Nurses and midwives need to be more digitally savvy to increase their impact, says Public Health England’s Joanne Bosanquet
joanne

Nurses and midwives need to be more digitally savvy to increase their impact, says Public Health Englands Joanne Bosanquet.

Joanne Bosanquet is deputy chief nurse for Public Health England (PHE), a role she has held for three years. She qualified in adult nursing in 1992 and started her career in anaesthetics before undertaking a degree in health studies. After gaining experience as a health visitor and modern matron she moved into health protection and became a nurse consultant.

What are your main work responsibilities?

System-wide public health nursing leadership and internal professional leadership to about 300 nurses and midwives across the country. I provide professional advice and expertise on issues related to health protection response and resilience.

How did you get your job?

I was part of an informal professional network



Public Health England deputy chief
nurse Joanne Bosanquet.

Joanne Bosanquet is deputy chief nurse for Public Health England (PHE), a role she has held for three years. She qualified in adult nursing in 1992 and started her career in anaesthetics before undertaking a degree in health studies. After gaining experience as a health visitor and modern matron she moved into health protection and became a nurse consultant.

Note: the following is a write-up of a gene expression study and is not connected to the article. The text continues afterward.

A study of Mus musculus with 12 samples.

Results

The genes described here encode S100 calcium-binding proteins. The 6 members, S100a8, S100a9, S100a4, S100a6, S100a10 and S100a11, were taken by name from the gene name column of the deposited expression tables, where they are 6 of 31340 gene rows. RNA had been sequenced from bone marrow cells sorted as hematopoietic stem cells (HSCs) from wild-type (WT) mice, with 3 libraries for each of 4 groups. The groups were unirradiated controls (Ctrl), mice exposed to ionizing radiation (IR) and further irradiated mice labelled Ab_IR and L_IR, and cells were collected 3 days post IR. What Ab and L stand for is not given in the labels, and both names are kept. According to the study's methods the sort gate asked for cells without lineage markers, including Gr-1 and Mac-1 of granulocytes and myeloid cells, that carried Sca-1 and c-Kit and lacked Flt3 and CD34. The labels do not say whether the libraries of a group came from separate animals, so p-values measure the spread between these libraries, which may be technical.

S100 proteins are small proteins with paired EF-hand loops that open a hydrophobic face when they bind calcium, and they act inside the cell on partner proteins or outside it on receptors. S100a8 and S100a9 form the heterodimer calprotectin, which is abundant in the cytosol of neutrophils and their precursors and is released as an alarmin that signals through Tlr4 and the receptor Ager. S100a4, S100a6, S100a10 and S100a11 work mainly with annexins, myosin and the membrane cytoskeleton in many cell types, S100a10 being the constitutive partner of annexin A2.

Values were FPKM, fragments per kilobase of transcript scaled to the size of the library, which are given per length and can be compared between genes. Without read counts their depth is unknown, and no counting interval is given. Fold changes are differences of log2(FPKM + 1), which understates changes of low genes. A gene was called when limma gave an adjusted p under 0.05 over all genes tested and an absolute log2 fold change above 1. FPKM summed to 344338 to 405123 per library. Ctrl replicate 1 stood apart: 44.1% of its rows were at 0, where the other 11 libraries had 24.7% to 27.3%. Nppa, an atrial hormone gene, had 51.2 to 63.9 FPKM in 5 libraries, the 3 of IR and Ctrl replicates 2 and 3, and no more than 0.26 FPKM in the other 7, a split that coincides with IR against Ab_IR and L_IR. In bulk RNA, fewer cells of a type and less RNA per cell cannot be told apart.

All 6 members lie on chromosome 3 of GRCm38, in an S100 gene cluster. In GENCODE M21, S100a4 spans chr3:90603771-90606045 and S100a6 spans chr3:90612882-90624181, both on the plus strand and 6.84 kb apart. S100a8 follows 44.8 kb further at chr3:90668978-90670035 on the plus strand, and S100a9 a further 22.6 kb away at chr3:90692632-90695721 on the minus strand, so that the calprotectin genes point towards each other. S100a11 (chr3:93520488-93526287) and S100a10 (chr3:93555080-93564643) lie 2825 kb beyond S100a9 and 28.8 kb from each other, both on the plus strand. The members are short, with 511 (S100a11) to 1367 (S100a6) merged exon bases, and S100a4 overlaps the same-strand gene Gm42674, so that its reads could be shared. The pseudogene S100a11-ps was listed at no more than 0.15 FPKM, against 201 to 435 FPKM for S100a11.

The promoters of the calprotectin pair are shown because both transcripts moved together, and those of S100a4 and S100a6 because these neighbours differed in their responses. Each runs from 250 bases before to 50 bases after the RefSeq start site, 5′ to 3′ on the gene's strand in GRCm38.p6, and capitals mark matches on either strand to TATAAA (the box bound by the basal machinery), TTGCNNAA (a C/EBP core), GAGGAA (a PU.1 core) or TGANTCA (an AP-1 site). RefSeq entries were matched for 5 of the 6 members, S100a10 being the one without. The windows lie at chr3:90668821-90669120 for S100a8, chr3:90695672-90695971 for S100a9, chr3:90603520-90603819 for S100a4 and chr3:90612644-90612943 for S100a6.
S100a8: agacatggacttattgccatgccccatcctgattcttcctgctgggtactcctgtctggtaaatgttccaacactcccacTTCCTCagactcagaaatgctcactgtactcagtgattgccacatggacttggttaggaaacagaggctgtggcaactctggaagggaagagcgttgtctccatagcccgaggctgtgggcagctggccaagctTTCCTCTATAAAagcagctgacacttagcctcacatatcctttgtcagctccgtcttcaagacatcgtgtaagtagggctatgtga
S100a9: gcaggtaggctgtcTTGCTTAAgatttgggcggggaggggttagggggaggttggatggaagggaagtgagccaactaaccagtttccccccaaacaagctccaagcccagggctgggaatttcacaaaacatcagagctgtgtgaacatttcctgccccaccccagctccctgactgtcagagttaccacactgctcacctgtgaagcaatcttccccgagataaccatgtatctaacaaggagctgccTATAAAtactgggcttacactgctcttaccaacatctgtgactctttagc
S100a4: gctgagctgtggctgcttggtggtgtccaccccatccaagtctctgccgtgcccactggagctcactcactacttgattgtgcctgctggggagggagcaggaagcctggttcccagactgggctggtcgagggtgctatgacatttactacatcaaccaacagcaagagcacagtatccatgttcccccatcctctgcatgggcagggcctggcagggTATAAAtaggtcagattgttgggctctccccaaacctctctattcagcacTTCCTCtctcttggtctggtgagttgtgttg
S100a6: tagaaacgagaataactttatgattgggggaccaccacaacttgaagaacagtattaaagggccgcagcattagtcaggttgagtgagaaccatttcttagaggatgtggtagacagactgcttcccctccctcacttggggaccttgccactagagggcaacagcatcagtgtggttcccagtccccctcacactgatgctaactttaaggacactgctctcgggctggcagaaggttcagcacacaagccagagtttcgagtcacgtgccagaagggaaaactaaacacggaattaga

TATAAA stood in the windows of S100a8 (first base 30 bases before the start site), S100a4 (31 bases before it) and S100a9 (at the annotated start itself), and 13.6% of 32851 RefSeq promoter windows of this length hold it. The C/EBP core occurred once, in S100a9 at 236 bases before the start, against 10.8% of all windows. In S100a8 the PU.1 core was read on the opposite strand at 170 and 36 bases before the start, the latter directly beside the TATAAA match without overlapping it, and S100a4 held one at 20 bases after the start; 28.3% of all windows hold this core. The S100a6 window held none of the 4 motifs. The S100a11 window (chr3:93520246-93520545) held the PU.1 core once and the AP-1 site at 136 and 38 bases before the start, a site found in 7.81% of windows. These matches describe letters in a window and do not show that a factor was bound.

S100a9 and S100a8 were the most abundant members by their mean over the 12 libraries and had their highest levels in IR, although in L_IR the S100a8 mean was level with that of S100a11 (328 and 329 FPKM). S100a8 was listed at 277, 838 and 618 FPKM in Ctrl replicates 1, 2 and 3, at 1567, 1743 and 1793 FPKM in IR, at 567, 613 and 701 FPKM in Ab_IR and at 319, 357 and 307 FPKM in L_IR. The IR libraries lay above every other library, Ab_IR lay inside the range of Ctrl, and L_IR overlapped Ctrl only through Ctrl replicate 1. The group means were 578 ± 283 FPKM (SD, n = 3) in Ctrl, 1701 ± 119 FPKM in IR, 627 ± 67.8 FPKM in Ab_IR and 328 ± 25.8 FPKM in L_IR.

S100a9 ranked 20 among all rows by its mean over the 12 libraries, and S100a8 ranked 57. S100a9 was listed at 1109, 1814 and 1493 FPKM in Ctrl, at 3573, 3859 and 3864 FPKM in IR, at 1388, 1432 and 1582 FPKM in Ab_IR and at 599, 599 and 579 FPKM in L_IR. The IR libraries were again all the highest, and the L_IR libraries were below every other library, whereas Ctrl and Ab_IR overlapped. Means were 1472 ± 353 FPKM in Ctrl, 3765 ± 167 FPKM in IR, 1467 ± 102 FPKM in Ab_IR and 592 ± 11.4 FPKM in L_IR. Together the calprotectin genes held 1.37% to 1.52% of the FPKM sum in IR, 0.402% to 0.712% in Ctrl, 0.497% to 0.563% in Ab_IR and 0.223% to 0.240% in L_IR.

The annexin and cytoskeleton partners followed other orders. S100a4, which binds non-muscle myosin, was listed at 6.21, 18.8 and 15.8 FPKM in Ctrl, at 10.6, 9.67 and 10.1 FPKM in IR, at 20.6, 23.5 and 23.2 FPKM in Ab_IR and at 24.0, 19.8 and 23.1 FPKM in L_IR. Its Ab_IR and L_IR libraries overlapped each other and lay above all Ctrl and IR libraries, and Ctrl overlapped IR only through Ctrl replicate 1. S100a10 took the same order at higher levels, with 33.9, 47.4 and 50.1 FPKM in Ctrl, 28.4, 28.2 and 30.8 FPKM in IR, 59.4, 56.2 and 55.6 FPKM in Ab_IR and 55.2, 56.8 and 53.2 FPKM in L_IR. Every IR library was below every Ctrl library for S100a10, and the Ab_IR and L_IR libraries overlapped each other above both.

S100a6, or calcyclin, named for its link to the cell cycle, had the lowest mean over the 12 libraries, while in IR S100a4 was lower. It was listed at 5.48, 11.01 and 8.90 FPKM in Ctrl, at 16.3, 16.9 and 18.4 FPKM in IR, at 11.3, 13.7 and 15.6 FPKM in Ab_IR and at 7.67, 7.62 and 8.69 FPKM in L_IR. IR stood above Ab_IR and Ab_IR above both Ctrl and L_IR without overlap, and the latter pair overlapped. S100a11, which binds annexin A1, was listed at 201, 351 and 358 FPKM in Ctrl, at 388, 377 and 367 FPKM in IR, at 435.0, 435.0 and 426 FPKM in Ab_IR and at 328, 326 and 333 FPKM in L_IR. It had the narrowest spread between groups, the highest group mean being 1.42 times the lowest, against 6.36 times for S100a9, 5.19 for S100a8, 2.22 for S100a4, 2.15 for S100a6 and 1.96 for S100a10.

What are your main work responsibilities? 

System-wide public health nursing leadership and internal professional leadership to about 300 nurses and midwives across the country. I provide professional advice and expertise on issues related to health protection response and resilience.

How did you get your job? 

I was part of an informal professional network of senior nurses in PHE and the group supported me to apply for the post. It was the most challenging interview of my career.

What do you love about your job?

There is never a dull moment – no day or even hour is the same. I have to think on my feet a lot of the time.

What do you find most difficult?

I am not the best at self-management. I say ‘yes’ a lot because of my passion and excitement. Life can become a little bit hectic.

What is your top priority at work?

I want all nurses and midwives in PHE to become much more digitally savvy. Imagine the power of 300 specialist nurses and midwives who are in virtual contact over 70 bases.

How have you developed your skills in this role?

Experiential learning, shadowing, taking risks, making and learning from mistakes and listening to others. 

What has been your most formative career experience?

I co-ran a nurse-led service for dispersed asylum-seeking families in my home town of Doncaster in 2002. It gave me a whole new sense of what’s important.

What career advice would you give your younger self?

Knuckle down at school. What you think is important now will be a distant pixellated memory in a few years.